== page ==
34. He and She

She left on his side of the bed: a sweaty bra, underwear (His) tied in a thick knot, and a spongy blood-soaked tampon.

He wrote her: “You win.”

In the old days He and She made fires in a backyard pit and smoked out the neighbors, who gathered on the street for protests.

“We’ll stop, but only if you give up turkey and Christmas trees,” He and She said, conditions to which the neighbors agreed, reluctantly, as this would interrupt a few hundred years of nap time.

The dry weather came. Winters drove everyone into the shadows. It rained in the morning, froze hard in the afternoon, and the pipes burst. Wendy was found at the bottom when the lake started moving again and her mother wandered the streets at night wailing the memory of Wendy’s short life.

Jimmy asked everyone over and He and She found a turkey packed hard and happy in his basement freezer.

“That does it,” She said, and the next night they dug a new pit and built a bonfire and smoked the neighbors out into clouds of insects and the men took Jimmy and hung him in the field by his neck until he shat his pants.

Wendy’s mother wandered at night wailing and drove most people mad. He and She drove home with groceries, livestock, and eggs. He told Her about the desert, how after rain frogs would leap street to street by the bushel and the sun was like a government crack down.

“Well, that’s how hot it was,” he said. “In the desert they say that the difference between men and women is blood and nothing else, not planets or genes or any other variable.”

She extracted a pad from between her legs and said, “Is this proof? Men will never know how this feels.”

“And I’m glad of it. Besides,” he said, “I can do nothing about it.”

“Do you see Wendy’s father on the streets at night? And what about Jimmy? It was the men who hung him from the tree.”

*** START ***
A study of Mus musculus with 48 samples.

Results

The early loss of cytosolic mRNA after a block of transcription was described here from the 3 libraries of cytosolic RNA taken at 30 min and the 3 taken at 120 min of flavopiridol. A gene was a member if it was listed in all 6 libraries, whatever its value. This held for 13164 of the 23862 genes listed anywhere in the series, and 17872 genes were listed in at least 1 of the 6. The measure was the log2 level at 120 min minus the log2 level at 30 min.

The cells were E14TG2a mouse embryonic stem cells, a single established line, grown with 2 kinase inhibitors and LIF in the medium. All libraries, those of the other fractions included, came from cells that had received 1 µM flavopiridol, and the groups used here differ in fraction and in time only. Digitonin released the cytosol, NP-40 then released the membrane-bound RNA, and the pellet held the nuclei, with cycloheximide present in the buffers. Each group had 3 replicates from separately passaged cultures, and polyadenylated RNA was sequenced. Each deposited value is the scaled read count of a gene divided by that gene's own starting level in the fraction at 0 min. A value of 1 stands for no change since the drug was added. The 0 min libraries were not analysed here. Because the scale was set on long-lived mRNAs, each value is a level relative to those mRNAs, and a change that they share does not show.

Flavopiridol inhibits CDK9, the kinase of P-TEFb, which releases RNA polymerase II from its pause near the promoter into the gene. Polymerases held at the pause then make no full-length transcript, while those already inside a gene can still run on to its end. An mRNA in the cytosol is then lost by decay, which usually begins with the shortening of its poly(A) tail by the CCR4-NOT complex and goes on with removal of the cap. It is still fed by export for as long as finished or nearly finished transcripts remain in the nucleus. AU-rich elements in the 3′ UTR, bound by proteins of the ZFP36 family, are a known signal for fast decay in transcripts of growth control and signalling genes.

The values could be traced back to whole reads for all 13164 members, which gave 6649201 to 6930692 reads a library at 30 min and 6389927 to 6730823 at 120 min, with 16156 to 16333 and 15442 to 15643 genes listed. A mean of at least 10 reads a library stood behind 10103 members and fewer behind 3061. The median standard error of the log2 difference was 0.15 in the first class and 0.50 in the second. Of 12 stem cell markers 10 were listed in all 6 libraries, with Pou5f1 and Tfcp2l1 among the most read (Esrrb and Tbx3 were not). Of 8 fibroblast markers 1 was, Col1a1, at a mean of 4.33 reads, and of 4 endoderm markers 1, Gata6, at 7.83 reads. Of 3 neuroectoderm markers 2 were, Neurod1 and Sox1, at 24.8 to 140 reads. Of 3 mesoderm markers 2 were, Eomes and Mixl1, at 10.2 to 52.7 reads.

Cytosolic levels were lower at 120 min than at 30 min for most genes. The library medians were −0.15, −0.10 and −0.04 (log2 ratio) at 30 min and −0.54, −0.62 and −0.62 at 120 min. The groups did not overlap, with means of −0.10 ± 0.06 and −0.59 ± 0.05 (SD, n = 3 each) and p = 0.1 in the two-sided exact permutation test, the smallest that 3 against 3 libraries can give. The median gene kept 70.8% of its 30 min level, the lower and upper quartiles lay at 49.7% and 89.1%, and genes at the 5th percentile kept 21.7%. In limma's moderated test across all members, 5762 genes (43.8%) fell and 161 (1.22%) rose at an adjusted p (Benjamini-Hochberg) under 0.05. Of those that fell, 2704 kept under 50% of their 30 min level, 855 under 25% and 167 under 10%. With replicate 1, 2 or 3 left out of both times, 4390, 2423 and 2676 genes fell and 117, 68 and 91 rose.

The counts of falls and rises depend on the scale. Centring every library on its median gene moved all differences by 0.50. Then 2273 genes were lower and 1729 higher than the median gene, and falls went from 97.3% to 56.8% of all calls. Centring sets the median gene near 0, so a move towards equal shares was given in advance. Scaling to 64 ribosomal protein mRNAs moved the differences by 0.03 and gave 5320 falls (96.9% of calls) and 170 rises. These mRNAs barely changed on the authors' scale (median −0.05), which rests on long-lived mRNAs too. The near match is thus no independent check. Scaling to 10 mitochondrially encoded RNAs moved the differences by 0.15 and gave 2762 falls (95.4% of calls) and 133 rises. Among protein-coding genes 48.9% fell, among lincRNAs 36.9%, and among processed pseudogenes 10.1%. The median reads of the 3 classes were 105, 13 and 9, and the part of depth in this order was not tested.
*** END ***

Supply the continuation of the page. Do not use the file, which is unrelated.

“Wendy’s old man killed himself,” he said. “Don’t you remember? When they raised the car from the muck and found poor Wendy in the front seat with a cell phone in her mouth and the seat strap still on. He killed himself the next day. That’s what I mean.”

She returned after opening His letter. She took a knife and cut her hand and gave him a small puddle of blood as a means for Him to provide unuttered apology. He cupped his palms and accepted the liquid and drank it. “Blood is hot and salty,” He said. “I’m somewhat curious now about your bloody tampons.”

She untied the underwear. He washed His and Hers sweaty workout stuff. They had sex when the moon turned pink. They buried grapefruit and plums and waited for the trees to grow.

The neighbors gathered at the windows like cartoon mice. They watched in at the two, He and She loving one another, doing the laundry, dining by peach-colored candles, digging into one another for secrets with small silver shovels until they hit clay and stone. The neighbors fretted at the perpetual bonfire but no one complained and no one made promises.

Then one day He and She were gone, the house empty. The neighbors crowded to the windows nonetheless, wondering if they should dance, sing, or join Wendy’s mother at night for wailing in the streets.